As We See It

As the Natural History Museum finally grows, hundreds of ancient artifacts find a home

Prior to the move, the artifacts were in temporary storage in Carson City.

Marilyn Gillespie, founding director of the Las Vegas Natural History Museum, has typically needed only one succinct phrase to explain the challenge of running a museum in a small, landlocked space with little room for expansion: “Dinosaurs with an 11-foot ceiling.”

So it’s a testament to her endurance and creative thinking that when the Bureau of Land Management needed a repository for nearly 800 boxes of artifacts—homeless since UNLV’s Harry Reid Center removed them four years ago—the Natural History Museum could accommodate the collection.

It turns out that while the artifacts were in temporary storage in Carson City, the Natural History Museum acquired an extra 10,000 feet of space across the street from its facility on Las Vegas Boulevard—a considerable opportunity given that the museum had been operating with only 40,000 square feet, and only a sliver of that for collecting. The expansion, following accreditation by the American Alliance of Museums in 2013, made the Natural History Museum available as a federal repository for artifacts found in or returning to Nevada.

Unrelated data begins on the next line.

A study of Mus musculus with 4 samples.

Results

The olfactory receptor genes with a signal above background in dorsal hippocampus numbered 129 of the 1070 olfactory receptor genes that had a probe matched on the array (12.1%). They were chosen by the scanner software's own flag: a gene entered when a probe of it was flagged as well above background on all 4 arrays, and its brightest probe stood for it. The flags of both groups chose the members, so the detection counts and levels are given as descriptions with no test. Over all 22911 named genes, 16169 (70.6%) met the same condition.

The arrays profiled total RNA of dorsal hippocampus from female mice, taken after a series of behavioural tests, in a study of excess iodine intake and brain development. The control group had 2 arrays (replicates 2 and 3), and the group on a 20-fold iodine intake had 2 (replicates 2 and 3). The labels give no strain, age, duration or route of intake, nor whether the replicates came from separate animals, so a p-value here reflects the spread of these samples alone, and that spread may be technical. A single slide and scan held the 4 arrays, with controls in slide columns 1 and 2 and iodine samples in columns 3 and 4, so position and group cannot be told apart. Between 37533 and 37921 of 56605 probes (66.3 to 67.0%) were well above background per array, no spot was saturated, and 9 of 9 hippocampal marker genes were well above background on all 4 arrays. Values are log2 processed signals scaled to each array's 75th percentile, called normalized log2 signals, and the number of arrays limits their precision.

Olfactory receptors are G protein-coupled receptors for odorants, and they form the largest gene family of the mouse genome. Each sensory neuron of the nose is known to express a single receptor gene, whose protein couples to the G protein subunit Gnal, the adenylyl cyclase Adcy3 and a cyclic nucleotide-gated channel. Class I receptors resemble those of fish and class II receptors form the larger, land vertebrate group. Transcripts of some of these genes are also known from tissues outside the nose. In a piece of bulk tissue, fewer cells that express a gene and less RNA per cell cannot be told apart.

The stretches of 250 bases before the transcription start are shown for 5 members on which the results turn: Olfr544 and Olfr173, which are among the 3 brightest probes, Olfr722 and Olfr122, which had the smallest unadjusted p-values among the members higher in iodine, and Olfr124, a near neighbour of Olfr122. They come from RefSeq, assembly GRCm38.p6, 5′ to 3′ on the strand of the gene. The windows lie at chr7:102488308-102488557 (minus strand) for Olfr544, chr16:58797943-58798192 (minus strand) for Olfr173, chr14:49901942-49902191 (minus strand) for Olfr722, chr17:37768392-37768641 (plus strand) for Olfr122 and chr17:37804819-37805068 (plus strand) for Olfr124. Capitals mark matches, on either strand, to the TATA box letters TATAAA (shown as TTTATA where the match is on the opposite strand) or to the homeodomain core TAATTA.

“This was literally a crisis,” says Bryan Hockett, lead archaeologist and deputy preservation officer for the Nevada BLM. “UNLV said, ‘We can’t support the space anymore. You need to leave.’ We had been searching for another facility to curate these. [The Natural History Museum] is a facility set up to meet the requirements and has the best intentions for the collection.” And its new space is being outfitted with the support of grants from the BLM and City of Las Vegas.

For a museum that launched 24 years ago without a collection, the recent chain of events has been monumental—elevating its status, some might say. “Part of what museums do is collect for posterity,” Gillespie says. “We were to the point where we were turning down things. Our goal is to be able to have a research facility. It’s going to be a brand-new program for us. The collection sent down here represents 40 years of artifacts by different archeologists that represent 10,000 years.”